A coalition of three Kyrgyz opposition parties, Onuguu-Progress, Mekenim-Kyrgyzstan and Ata-Jurt, has fallen apart ahead of the upcoming presidential election on October 15, Kyrgyz media reported on September 14.
The three parties had reached an agreement on August 6 to merge and propose a single candidate for the race. The merger might have allowed the opposition to garner enough votes to stand a chance against the presidential candidate of the popular Social Democratic Party (SDP), which currently controls a majority in parliament, but the leaders of the parties could not set aside their differences. Kyrgyzstan’s current president Almazbek Atambayev is an SDP member.
The three candidates previously put forward by each party are Bakyt Torobayev (Onuguu-Progress party), Adakhan Madumarov (Butun Kyrgyzstan) and Kamchibek Tashiyev (Ata-Jurt). As each candidate has already filed for a candidacy, the three remain in the race.
“I threw all my efforts into political consolidation and the creation of a new political union, but unfortunately the personal ambitions of my partners took the upper hand,” Torobayev said. Some believe Torobayev is on course to be kicked off the candidate list altogether, as two residents of the Kyrgyz capital Bishkek apparently intend to file a formal complaint against Torobayev. Two young residents of the capital, Bishkek, have hinted they may file a formal complaint after his campaign used a picture of them without their approval - an offence that can be punishable by de-registration in Kyrgyzstan.
On the other hand, Tayshiyev surprised everyone by declaring that he would be joining forces with SDP candidate Sooranbai Jeenbekov - prime minister of Kyrgyzstan until he stepped down a month ago to battle for the presidency - “in the interests of avoiding the breakup of the country” as well as “in the interests of stability and tranquility”. Tashiyev has been a longtime opponent of the SDP and even went to prison for his opposition at one point.
Tashiyev has announced he will withdraw from the electoral race, but has not actually followed up on his intentions yet. His strange 180 degree turn raised suspicions of a secret deal struck between and the SDP candidate to ensure the endorsement.
Campaigning in Kyrgyzstan's presidential race officially got under way on September 10 with a total of 13 candidates registered for the election. The elections will test Kyrgyzstan’s commitment to democracy as the two previous regimes, excluding Roza Otunbayeva’s interim government in 2010, were toppled via violent revolutions. They brought down the administrations of Askar Akayev in 2005 and Kurmanbek Bakiyev in 2010.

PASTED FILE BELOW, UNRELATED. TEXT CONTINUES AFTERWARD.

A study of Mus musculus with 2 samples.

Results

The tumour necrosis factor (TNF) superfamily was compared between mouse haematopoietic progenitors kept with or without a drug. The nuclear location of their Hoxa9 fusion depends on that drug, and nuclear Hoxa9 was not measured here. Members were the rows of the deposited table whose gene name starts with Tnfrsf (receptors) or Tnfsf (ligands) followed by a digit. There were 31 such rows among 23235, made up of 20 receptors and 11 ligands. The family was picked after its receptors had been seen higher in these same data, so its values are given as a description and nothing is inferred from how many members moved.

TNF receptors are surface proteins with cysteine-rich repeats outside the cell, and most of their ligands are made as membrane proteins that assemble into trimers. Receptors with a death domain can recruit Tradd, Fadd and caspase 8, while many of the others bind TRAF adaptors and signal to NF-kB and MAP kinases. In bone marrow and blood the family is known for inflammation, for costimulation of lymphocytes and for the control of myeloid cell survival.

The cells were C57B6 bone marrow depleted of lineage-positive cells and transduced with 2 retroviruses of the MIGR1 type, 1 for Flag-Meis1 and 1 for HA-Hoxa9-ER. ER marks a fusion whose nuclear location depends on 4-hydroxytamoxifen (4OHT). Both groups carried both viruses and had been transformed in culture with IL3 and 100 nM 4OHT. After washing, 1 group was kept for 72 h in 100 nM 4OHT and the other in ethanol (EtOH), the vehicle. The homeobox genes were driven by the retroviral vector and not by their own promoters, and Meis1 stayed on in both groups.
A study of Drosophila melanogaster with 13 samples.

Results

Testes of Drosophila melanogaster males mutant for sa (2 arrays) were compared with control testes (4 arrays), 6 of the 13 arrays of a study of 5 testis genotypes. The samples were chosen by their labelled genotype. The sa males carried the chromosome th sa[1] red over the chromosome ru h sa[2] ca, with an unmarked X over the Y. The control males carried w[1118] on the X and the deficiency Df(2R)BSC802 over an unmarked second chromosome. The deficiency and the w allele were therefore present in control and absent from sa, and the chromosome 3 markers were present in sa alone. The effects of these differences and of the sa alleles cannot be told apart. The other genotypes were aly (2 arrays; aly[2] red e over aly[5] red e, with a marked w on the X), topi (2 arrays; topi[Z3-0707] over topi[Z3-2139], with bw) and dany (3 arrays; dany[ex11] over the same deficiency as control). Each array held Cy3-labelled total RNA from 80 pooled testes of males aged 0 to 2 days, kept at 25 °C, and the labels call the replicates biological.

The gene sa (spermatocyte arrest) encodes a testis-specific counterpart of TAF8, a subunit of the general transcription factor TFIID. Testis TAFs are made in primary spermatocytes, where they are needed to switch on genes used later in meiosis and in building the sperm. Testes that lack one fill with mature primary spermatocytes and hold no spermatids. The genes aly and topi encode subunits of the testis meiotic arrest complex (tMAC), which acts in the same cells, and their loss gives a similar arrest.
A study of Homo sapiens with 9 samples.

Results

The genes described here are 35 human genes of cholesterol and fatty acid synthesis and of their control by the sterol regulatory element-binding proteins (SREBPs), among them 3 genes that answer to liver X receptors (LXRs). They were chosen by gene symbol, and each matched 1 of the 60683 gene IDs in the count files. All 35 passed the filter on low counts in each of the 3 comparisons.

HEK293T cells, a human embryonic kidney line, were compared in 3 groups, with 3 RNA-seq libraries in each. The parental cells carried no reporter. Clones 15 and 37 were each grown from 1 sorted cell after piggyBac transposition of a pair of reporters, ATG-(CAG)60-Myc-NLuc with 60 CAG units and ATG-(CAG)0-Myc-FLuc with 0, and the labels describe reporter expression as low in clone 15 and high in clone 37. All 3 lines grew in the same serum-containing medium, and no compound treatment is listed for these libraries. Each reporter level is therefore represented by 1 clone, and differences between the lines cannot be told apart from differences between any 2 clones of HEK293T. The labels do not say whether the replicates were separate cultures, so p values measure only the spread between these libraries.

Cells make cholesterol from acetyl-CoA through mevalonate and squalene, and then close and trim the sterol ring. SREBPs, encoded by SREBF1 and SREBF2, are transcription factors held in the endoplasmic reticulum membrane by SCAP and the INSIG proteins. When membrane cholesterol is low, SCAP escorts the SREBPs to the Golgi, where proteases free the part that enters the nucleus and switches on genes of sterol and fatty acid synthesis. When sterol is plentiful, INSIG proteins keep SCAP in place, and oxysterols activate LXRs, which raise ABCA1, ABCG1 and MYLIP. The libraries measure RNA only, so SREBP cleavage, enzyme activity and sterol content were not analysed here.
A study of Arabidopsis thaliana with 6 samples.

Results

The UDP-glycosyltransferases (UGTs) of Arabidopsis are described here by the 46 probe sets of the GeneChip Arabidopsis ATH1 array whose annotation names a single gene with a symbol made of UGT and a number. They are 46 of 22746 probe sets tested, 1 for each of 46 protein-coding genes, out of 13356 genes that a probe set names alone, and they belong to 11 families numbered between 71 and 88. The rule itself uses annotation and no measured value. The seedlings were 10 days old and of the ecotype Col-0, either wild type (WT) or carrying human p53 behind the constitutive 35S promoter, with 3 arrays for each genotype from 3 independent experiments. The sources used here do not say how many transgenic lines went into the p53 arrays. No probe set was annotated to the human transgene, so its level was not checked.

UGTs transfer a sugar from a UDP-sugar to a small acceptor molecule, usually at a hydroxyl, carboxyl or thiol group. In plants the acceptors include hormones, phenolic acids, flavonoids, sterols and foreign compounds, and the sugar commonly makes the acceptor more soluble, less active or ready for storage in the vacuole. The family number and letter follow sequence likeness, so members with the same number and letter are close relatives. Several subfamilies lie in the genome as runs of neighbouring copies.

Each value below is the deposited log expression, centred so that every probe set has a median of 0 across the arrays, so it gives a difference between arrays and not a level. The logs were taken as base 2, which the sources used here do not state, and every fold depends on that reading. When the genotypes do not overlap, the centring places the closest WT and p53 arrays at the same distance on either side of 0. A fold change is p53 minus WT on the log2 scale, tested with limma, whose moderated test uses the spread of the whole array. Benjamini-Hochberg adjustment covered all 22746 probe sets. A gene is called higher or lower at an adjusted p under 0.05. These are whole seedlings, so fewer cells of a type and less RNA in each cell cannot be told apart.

As of now, the leading candidates of the electoral race are believed to be Respublika party candidate Omurbek Babanov and Ak-Shumkar party candidate Temir Sariyev.
SDP’s Jeenbekov has received public support from President Atambayev, who has described Jeenbekov as his “friend” and said that he hoped he “will carry on my affairs and finish what I have undertaken”. Moreover, when criticised for his open support of the SDP candidate, Atambayev warned his critics he would punish anyone who caused "disturbances" in trying to prevent Jeenbekov from winning the upcoming presidential election.
The Kyrgyz president is barred by the constitution from running for a second term.
Atambayev’s constitutional gamble has raised suspicions that he might be planning to essentially stay in power at least behind the scenes beyond his six-year term. While he has repeatedly stated his intention to pursue no further political office, his critics suspect he hopes to appoint his own loyal prime minister and possibly manipulate the election in favour of his own chosen presidential candidate.
Atambayev’s recent crackdowns on opposition members and media, including a number of arrests, raise concerns that Kyrgyzstan is moving away from the democratic path set out following the revolutions and may face another violent regime change, which some analysts say could potentially cement the country as a failed state.
The ex-Soviet country has fallen back into the category of consolidated authoritarian regime, according to Freedom House’s Nations in Transit 2017 report.